JACK LONDON: An American Life. By Earle Labor. FSG. 384 pages. $30.

Jack London did not make old bones. Indeed, given the fact that at the time of his death in 1916, he suffered from clogged arteries, diseased kidneys, arthritis, rheumatism, chronic nausea, dysentery, edema and insomnia, it is rather amazing that he lasted long enough to see his 40th birthday, which he did, just barely.

It seems clear that London was romantically drawn to the idea of living hard and flaming out early, and he was spectacularly successful in the endeavor.

Reading about Jack London can be both a joyful and wearying experience, one that leads inevitably to the creation of lists. Not only did he write a truly impressive number of novels, short stories, memoirs, essays, plays and poems, he also spent time as a hobo, an oyster pirate, a seal hunter, a gold miner and a war correspondent. He sailed through much of the South Pacific, visited a leper colony and escaped cannibals in the Solomon Islands.

He was an early pursuer of the sport of surfing and helped popularize it in this country. He taught himself how to drive a stagecoach. He boxed. He farmed. He ranched. Twice he ran for mayor of Oakland, Calif., as a socialist. And that is, without exaggeration, only a partial compilation of the many doings of John Griffith London. If he lived in the present day, he would doubtless be offered a prescription for Ritalin.

Born in 1876 to a single mother in straightened circumstances, London was forced to help support his family from the time he was an adolescent and continued to do so for most of his life. He developed a tremendous work ethic that carried over into his writing. Up to the time of his death, sick or well, on land or sea, he tried to produce a thousand words a day without fail.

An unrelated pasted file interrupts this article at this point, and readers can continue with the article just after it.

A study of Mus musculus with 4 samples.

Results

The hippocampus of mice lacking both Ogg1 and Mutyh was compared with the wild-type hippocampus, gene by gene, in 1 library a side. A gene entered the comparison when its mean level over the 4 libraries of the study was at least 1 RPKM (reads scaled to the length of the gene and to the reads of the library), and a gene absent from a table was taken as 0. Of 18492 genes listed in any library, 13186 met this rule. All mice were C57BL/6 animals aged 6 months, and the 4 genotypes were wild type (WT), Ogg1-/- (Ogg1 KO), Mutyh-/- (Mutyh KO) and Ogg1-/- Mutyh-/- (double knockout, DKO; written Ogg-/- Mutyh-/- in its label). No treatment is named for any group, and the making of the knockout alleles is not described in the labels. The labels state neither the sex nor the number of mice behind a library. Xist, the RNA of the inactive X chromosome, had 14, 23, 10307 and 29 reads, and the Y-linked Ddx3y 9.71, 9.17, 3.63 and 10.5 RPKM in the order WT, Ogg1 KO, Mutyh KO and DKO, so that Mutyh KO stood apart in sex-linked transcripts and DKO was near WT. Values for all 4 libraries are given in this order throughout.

He mastered a rugged, Kiplingesque style that went over very well in the burgeoning popular magazine market of the time, and though, not surprisingly, a portion of what he wrote was hackwork, he had no choice but to keep churning it out. His ever more complex and expensive way of life demanded it.

When London was good, however, he was very good. While prospecting in the Klondike, he became moved by the plight of the “trail-hardened” huskies and inspired to write his great classic, “Call of the Wild,” its antithesis “White Fang,” and what some consider his finest short story, “To Build a Fire.” All are still read today.

Earle Labor, professor emeritus of American literature at Centenary College of Louisiana, has spent much of his professional life studying and writing about Jack London. He is also the curator of the Jack London Museum in Shreveport and, perhaps more significantly, states that he heard the “call” of Jack London “more than 70 years ago as a boy in a one-story brick schoolhouse.” It is difficult not to suspect that this has somewhat colored his view of London.

While he possesses full academic bona fides and has written a highly readable (his prose, in places, faintly echoes that of his subject), deeply researched account, one gets the impression that London’s darker side may have been soft pedaled.

Labor dutifully reports on the author’s carousing, alcoholism, infidelity to both his wives, occasionally troubled relationship with his daughters and fatally careless attitude towards his own health, but he sometimes seems to be describing the peccadilloes of a charming, basically innocent child.

In reality, for all his genuine charisma, generosity and joie de vivre, London couldn’t have been easy to live with. His second wife, Charmian Kittredge, who adored her husband and whose diaries Labor draws on extensively, often recounted the pain London caused her with his drinking and frequent bouts of illness. The fact is, London, as dedicated as he was to his craft, would probably have struggled more with his writing, especially in later years, had Charmian not faithfully toiled over reading, editing and typing his manuscripts. The selflessness of the “woman behind the great man,” probably quite rare today, allowed Jack to be Jack.

Despite his foibles, London remains one of the most unique and captivating members of the American literary canon. With this book, Labor has lovingly burnished what was already a larger-than-life reputation.

Reviewer Rosemary Michaud is a writer in Charleston.